You’ve never done your time

August 26, 2014 - 8 minutes read

You’ve Never Done Your Time

There is a well-down saying, popular among the more right-wing members of society, that goes: “If you can’t do the time, don’t do the crime.” This implies that it is possible to “do your time”, and that a criminal’s punishment ends as soon as he sets foot outside the prison gates.

This is absolutely not the case.

Unfortunately, the Criminal Justice System is currently set up to ensure that punishment continues long after that eagerly anticipated release day, and in some cases the punitive effect can last a lifetime. Let me expand on this.

Any criminal conviction will earn the offender a criminal record, and this will remain on record (unspent) for anywhere between one year (for a community order) to seven years (for a custodial sentence of up to four years). However, if you are unlucky enough to be sentenced to more than four years in jail, the conviction is never spent.

Once a conviction is spent, it does not have to be disclosed to an employer (even if they ask). However, if a conviction is unspent, by law it has to be disclosed to potential employers.

And therein lies the problem.

This issue was actually brought home to me very recently. I was sentenced to five years in prison for firearm possession in 2010, and was released at the halfway point in 2012. Previously I had a successful career in IT, but when I got out the country was deep in the grip of a recession. IT jobs were thin on the ground, and, assuming that I was at a major disadvantage, I didn’t even try to get back into the IT rat-race. Luckily I have a close friend who runs a gardening business, and he was kind enough to employ me. I have been working for him ever since.

Fast-forward two years. My wife and I now have a 9 month old daughter to support, and my gardener’s wages barely cover the nursery fees. The recession is lifting, and IT departments are hiring again.

I dug out my numerous IT certifications from the loft, dusted them off and had a crack at writing a CV. When I had finished, I sat back and looked at the experience, knowledge and qualifications I had accrued over ten years.

It actually looked pretty impressive.

Next I got online and scoured the jobsites for local IT roles, and sent out about fifteen applications.

I didn’t really expect much to come of my efforts, so I was very pleasantly surprised to receive a call from a recruitment company.

Initially, the conversation was up-beat, and the recruiter explained that there was a role available that he thought I would be perfect for. However, he just needed to clarify a few things. First up, was the question of the four year gap.

Then the wheels started to come off.

“So..you have ten years IT experience but you’ve been out of it for a while, so can you tell me a bit about why that was?” he asked, his voice still friendly and warm.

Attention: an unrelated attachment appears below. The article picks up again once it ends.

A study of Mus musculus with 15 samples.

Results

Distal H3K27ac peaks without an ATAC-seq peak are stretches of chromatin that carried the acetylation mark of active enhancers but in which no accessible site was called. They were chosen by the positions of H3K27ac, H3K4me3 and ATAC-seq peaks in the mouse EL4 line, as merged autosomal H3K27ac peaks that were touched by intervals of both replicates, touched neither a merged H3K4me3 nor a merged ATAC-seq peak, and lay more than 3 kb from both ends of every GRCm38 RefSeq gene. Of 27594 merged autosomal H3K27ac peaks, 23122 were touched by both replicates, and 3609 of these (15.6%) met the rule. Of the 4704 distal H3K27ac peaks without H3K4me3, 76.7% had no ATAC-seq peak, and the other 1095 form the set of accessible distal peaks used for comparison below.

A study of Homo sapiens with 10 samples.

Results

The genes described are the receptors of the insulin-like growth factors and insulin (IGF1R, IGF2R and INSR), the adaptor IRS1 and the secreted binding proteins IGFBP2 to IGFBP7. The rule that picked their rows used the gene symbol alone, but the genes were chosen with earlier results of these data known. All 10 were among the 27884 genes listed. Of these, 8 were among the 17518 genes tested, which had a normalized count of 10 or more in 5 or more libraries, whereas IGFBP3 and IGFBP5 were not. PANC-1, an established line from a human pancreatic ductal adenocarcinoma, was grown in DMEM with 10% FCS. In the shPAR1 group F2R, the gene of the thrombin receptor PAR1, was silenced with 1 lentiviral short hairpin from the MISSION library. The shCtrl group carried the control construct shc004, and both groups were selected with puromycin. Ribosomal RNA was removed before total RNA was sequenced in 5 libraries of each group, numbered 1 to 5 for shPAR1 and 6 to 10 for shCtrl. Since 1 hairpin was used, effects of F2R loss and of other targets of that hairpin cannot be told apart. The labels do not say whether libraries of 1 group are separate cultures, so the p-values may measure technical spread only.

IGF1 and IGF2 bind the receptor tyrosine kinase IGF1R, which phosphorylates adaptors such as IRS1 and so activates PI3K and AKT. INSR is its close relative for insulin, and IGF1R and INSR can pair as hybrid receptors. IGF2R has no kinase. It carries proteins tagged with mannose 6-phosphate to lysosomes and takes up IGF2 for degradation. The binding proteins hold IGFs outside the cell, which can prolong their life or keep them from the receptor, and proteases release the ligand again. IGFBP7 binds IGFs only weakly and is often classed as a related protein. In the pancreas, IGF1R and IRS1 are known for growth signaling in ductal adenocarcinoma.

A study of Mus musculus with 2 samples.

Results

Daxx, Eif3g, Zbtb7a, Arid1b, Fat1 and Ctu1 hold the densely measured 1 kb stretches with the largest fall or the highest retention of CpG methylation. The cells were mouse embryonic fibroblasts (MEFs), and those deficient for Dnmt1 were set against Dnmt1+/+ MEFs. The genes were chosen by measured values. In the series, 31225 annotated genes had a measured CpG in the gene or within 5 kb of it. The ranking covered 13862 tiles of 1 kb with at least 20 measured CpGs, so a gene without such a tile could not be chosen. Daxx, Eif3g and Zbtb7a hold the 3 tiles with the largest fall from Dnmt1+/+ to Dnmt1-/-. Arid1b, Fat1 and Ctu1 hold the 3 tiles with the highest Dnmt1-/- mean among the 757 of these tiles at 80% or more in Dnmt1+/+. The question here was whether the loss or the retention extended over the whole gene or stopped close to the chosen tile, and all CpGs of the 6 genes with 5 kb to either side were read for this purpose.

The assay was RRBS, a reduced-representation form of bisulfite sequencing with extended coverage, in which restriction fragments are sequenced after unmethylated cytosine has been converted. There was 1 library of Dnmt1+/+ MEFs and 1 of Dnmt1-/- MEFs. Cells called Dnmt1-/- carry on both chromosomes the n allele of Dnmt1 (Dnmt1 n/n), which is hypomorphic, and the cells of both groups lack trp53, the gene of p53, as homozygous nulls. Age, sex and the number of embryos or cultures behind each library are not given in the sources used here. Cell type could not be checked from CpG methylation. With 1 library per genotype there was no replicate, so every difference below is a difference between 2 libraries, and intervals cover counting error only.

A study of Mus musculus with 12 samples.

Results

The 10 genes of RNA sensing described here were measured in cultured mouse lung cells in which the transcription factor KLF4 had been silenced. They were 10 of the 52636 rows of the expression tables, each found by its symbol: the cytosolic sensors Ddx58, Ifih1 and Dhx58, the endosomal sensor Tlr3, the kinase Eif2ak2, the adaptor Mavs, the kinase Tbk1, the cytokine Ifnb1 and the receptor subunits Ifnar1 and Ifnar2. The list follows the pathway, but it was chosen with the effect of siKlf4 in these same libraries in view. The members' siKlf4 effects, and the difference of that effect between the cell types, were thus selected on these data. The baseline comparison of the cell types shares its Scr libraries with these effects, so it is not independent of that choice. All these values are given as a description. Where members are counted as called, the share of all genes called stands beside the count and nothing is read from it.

Oh dear.

“Right..OK, this doesn’t sound great, but the simple truth is that I went to prison.” I replied.

“OK..” he said, a distinct coldness now evident in his voice.

I elaborated:

“I went to prison for two and a half years for the illegal possession of a shotgun, there was no violence, violent intent, theft or dishonesty involved. I was truthful with my employers and they still kept me on for the nine months between my arrest and my sentencing….”

“Won’t they take you on again?” He interjected.

Ah. This wasn’t going well.

“Well, my position is no longer vacant there…”

“OK, well the position is actually with Surrey Police” He replied, flatly.

“Oh dear, well that’s not going to work then, is it, ha ha?!” I said in a jovial tone. I was hoping that I could salvage the situation (and be kept on his books) with humour.

He wasn’t having any of it.

“No, it won’t. OK. Well, sorry it didn’t work out, bye.”

And that was that.

The lesson there was simple. If I want to even get an interview, I can’t tell the recruiters about my record.

My sentence was over four years so my conviction will never be spent. The sheer arbitrariness of relating a longer sentence to the time it takes to become unspent (if ever) is what particularly annoys me. I hurt no-one, threatened no-one, stole nothing and the only victims were the family I left when I was sent to jail. But unless the law changes retrospectively, this moment of stupidity will be hanging over me for the rest of my life.

Conversely, many violent and prolifically dishonest offenders will have their record expunged after a few years. Now, I may be biased, but I am sure it would be of more interest to a potential employer to know if an employee has a violent or dishonest past than to know about my transgression.

In my favour, I am fortunate enough to have been employed since my release, and have a supporting network of family and friends. I am also well educated, and tend to come across quite well in an interview. Many ex-offender’s don’t have the advantages I have, and when they are ejected back into the world with little more than £46 pounds and a criminal record to their name, it should be of no surprise that many fall back into the trap of offending again.

Currently the UK’s prisons are at bursting point, and they are struggling to find the resources to rehabilitate inmates. So we have a situation where people are released with little or no effort having been made to address their offending behaviour, into a society which they will struggle to be accepted into.

Unfortunately until this ludicrous, unfair and short-sighted state of affairs is properly addressed, I can’t see how our prison population can do anything but increase.

If you have experience of the criminal justice system and would like to guest blog for us then please get in touch at www.prisonphone.co.uk

The above blog post was submitted by the author of,

Prison On An L Plateis a book by Dan Angiolini, based on his experiences behind bars.